Compensatory damages are funds awarded to a plaintiff in a civil case—such as a personal injury lawsuit—to compensate them for their injuries and damages. In many cases, attorneys and other members of the legal community simply refer to this compensation as “damages.”
The purpose of compensatory damages is not only to provide the plaintiff with fair financial compensation for their losses, but to make the plaintiff “whole” again by replacing or restoring what they lost.
For help getting the compensation you deserve after an accident in New York, contact Gacovino, Lake & Associates, P.C., today at 631-600-0000.
What Items Do Compensatory Damages Cover?
In a personal injury case, compensatory damages cover costs that the injured plaintiff may have incurred in treating their injury—such as emergency room or hospital bills, costs for doctor visits, medical testing, medications, and physical therapy.
If the plaintiff sustained long-term injuries or permanent impairment, the at-fault party must also pay for future medical care costs. They may also have to pay for orthopedic devices—like crutches or wheelchairs—and the cost of personal care if the plaintiff cannot care for themselves.
If the plaintiff lost a digit or limb or became paralyzed due to the defendant’s actions, compensatory damages may include the legal value of the lost body part or functionality.
If the injured person missed work because of their injuries, the defendant may have to compensate them for their lost wages. If they cannot return to work, these damages may also include the estimated value of future lost wages as well as the loss of earning potential.
The at-fault party may have to pay damages to the plaintiff for their pain and suffering, emotional distress, or loss of life enjoyment.
Finally, compensatory damages also cover the plaintiff’s property damages, which may include sums to repair or replace their car or any other personal property damaged or destroyed during the accident.
Who Pays the Compensatory Damages in a Personal Injury Case?
In a civil lawsuit, the defendant bears the responsibility for paying compensatory damages. If the defendant has insurance coverage, the insurer typically pays the damages directly to the plaintiff. This may also occur through an out-of-court settlement.
Depending on the type of personal injury accident, different parties are responsible for paying compensatory damages:
- In a car accident settlement, the driver or drivers whose negligence caused the crash must pay these damages;
- In a medical malpractice case, the negligent doctor must pay damages;
- For a dangerous drug or faulty medical device case, the manufacturer typically bears that responsibility;
- In a product defect case, compensatory damages may fall to the product’s designer, manufacturer, distributor, or retailer; and
- In a slip and fall case, the property owner or manager must compensate the injured party for their losses.
In each of these examples, the person or entity responsible for paying damages has one thing in common: Their negligence resulted in the plaintiff’s damages.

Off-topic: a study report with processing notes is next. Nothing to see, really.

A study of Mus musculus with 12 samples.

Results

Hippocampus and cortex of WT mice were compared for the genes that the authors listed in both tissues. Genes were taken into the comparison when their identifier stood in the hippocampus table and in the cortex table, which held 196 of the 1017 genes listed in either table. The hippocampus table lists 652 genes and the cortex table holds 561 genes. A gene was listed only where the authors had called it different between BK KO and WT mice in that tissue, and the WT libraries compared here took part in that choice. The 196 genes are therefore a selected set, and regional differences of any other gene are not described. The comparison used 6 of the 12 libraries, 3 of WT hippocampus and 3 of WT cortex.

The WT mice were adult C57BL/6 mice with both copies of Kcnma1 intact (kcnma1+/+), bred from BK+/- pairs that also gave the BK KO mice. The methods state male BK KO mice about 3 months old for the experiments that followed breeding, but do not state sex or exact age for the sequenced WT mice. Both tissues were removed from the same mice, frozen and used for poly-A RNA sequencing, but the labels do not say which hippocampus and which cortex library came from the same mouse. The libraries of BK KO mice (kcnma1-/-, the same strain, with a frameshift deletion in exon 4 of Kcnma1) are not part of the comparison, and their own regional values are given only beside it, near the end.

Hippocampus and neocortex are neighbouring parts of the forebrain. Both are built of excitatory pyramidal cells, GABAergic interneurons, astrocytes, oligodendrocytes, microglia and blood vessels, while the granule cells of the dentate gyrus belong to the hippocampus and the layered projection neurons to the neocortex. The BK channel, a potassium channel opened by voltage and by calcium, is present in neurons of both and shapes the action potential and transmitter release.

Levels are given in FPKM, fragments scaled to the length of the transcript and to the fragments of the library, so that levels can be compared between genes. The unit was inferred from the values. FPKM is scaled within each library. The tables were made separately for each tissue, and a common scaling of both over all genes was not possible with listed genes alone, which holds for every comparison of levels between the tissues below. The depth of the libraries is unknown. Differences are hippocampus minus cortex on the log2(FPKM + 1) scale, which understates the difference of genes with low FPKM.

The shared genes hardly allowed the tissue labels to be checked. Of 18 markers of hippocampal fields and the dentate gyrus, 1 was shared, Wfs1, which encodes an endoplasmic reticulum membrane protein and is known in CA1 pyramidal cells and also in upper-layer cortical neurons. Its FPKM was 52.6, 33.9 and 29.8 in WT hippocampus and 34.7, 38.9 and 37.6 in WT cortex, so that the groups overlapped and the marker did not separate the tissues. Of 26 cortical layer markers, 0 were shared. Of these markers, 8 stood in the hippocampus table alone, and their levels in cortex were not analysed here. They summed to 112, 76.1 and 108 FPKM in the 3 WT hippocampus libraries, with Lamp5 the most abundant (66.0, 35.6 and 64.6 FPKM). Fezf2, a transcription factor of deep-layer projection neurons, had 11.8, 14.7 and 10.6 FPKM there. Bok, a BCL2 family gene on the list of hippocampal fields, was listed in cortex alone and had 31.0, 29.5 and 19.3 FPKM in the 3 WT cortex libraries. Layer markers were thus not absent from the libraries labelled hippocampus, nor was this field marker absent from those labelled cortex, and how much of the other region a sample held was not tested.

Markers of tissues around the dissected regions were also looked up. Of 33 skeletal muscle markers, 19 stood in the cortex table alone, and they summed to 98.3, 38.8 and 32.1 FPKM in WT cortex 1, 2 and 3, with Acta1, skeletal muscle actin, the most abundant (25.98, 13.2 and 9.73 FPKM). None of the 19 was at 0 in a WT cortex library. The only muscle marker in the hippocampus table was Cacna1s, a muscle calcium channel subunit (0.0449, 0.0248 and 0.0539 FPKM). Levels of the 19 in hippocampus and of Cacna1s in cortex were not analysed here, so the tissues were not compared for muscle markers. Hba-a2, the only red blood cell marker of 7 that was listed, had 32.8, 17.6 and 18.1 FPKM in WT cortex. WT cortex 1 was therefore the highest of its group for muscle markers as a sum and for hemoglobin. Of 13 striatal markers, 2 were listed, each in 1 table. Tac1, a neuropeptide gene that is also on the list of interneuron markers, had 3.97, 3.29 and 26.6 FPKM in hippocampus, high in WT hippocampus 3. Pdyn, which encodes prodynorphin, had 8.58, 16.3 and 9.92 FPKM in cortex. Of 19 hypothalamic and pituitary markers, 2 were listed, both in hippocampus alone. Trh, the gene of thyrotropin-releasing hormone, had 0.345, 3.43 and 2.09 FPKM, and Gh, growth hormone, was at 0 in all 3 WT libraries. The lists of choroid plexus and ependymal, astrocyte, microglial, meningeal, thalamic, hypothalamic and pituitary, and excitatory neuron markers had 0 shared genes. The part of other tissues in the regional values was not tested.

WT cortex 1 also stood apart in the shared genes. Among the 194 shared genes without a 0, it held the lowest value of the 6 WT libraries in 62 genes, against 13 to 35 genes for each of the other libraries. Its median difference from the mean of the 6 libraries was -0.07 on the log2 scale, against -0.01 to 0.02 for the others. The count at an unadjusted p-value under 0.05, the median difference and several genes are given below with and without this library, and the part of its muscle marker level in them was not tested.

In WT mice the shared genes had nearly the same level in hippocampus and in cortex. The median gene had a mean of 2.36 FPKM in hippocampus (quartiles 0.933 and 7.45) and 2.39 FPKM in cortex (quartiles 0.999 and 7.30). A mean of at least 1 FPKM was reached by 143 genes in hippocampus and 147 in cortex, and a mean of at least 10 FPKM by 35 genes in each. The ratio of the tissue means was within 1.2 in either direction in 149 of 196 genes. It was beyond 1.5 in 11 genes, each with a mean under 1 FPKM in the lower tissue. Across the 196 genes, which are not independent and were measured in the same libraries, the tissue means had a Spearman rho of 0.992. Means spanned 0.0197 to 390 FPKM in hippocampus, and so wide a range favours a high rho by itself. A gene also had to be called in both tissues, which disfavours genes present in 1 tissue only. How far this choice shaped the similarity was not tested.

How Does Negligence Apply to a Personal Injury Case?
To get compensatory damages in a personal injury case, we must demonstrate the four legal elements of negligence as they relate to the defendant.
Duty of Care
The defendant had a duty of care to the plaintiff. For example, in a car accident case, the at-fault driver had a duty of care to other motorists on the road as well as to pedestrians, bicyclists, and the general public. In a dangerous drug case, a drug’s manufacturer owes a duty of care to patients to conduct tests to ensure that the medication is safe for use.
Breach of Duty
The defendant breached their duty of care to the plaintiff. For example, if a driver got behind the wheel after having a few drinks or looked away from the road to check a text message, they breached their duty of care. If a drug manufacturer failed to conduct adequate tests to verify a medication’s safety, they violated their duty of care when they made the drug available to the public.
The defendant’s breach of duty caused the plaintiff’s injuries. For example, a driver sending a text instead of watching the road may rear-end another driver or collide with a bicyclist. A drug manufacturer who failed to conduct adequate clinical testing may not understand the medication’s danger until patients start to report serious side effects.
To prove actual damages, we will provide copies of doctor and medical bills, wage statements, car repair bills, and other receipts showing your costs. To document future costs, we will use testimony from medical professionals, earnings data, and other documentation as appropriate.
Are There Other Kinds of Damages?
In addition to compensatory damages, the courts sometimes award punitive damages. The court awards punitive damages specifically to punish the at-fault party for intentionally reckless or dangerous behavior. Punitive damage awards also serve to warn others who may commit the same type of transgression.
The Attorneys at Gacovino, Lake & Associates, P.C., Can Help You Get Compensation.
If you suffered serious injures due to someone’s negligence, let the personal injury lawyers at Gacovino, Lake & Associates, P.C., help you obtain compensatory damages. Contact us today at 631-600-0000 to learn more.